On the occasion of the G20 summit that will bring together the most influential industrialized and developing countries in Hamburg on July 7 and 8, an unprecedented alliance of foundations and philanthropic organizations (F20) joined forces in order to further shape the political discourse on future sustainability measures before, during and after the G20 Summit. With the United Nations formalization of the Agenda 2030 including the Sustainable Development Goals (SDGs) and the 2015 Paris Climate Agreement coming into effect, a number of encouraging sustainability frameworks have been established to spur the transformation needed.
An alliance of over 30 foundations representing a capital in the double-digit billion range (US dollars) has joined forces with a group of stakeholders from science, business, and civil society to call on the G20 to implement the Paris Agreement even without the US. In a joint statement, the alliance – consisting of G20 engagement groups such as the Business 20, Think Tank 20, Women 20 and Labour 20 – criticised the US’ withdrawal from the Paris Agreement as “short-sighted and irresponsible”, adding that the Paris Climate Agreement is indispensable in tackling the global climate crisis. The remaining 19 members of the G20 should convincingly show their willingness to implement the Paris Agreement at the upcoming G20 Summit in Hamburg.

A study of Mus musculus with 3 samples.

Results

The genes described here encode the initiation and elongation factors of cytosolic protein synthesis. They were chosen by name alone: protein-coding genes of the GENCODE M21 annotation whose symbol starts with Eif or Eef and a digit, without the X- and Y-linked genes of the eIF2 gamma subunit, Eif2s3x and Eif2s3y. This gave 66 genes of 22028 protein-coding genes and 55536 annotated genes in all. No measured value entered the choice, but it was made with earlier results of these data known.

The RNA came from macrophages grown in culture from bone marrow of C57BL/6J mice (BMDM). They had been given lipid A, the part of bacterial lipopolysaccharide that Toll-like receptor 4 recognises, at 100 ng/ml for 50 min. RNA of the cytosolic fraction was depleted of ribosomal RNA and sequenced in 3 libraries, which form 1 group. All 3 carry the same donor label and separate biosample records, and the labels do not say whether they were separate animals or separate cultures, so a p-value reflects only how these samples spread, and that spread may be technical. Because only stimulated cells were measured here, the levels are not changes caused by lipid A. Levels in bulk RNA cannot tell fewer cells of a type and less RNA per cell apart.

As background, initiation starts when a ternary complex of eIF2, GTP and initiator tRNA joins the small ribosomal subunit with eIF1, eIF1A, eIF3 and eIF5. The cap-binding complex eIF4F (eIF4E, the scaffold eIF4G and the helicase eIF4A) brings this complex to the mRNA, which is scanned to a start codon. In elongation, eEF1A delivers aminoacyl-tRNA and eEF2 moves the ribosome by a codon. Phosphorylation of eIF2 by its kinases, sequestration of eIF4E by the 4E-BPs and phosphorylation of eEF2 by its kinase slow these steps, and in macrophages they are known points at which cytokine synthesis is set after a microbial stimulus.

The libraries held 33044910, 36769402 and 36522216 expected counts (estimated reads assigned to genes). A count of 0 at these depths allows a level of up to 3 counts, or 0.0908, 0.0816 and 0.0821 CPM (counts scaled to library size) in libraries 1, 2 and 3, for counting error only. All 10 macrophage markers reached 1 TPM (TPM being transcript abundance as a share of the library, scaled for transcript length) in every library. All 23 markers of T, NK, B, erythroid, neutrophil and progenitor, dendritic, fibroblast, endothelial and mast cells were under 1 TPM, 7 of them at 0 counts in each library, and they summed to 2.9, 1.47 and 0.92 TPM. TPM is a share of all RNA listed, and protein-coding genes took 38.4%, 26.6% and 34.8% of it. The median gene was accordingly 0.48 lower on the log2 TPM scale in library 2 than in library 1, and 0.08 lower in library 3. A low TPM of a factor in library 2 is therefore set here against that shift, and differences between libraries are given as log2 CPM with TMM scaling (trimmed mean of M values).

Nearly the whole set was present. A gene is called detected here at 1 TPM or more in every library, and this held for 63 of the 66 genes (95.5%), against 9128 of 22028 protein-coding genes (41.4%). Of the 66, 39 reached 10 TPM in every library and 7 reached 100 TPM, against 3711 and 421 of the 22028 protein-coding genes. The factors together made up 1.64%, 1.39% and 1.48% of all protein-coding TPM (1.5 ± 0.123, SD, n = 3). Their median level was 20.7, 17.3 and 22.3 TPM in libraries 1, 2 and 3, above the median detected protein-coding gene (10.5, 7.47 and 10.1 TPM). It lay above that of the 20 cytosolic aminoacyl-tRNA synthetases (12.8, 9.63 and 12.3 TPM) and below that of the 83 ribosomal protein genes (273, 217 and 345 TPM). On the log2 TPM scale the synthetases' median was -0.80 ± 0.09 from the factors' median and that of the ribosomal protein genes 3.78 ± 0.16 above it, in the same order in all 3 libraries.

“Heads of State around the globe have spoken out in favour of the Paris Agreement with impressive force. It’s now time to translate our ambitious words into action. A great number of businesses, investors, scientists, environmental and human rights organizations, mayors and citizens have offered their support for this undertaking”, says Johannes Merck, spokesperson of the Foundations Platform F20 and Chairman of the German Michael Otto Foundation for Environmental Protection.
The alliance has asked the 19 leading economies to submit revised Nationally Determined Contributions (NDCs) that are sufficient to reach the climate goals set forth in the Paris Agreement, to create a global mechanism on carbon pricing and to agree on a concrete timeline for phasing out fossil fuel subsidies. Furthermore, the group has urged the G20 to enable financial markets to deliver on sustainable development by promoting international disclosure and reporting standards for environmental and climate-related financial risk.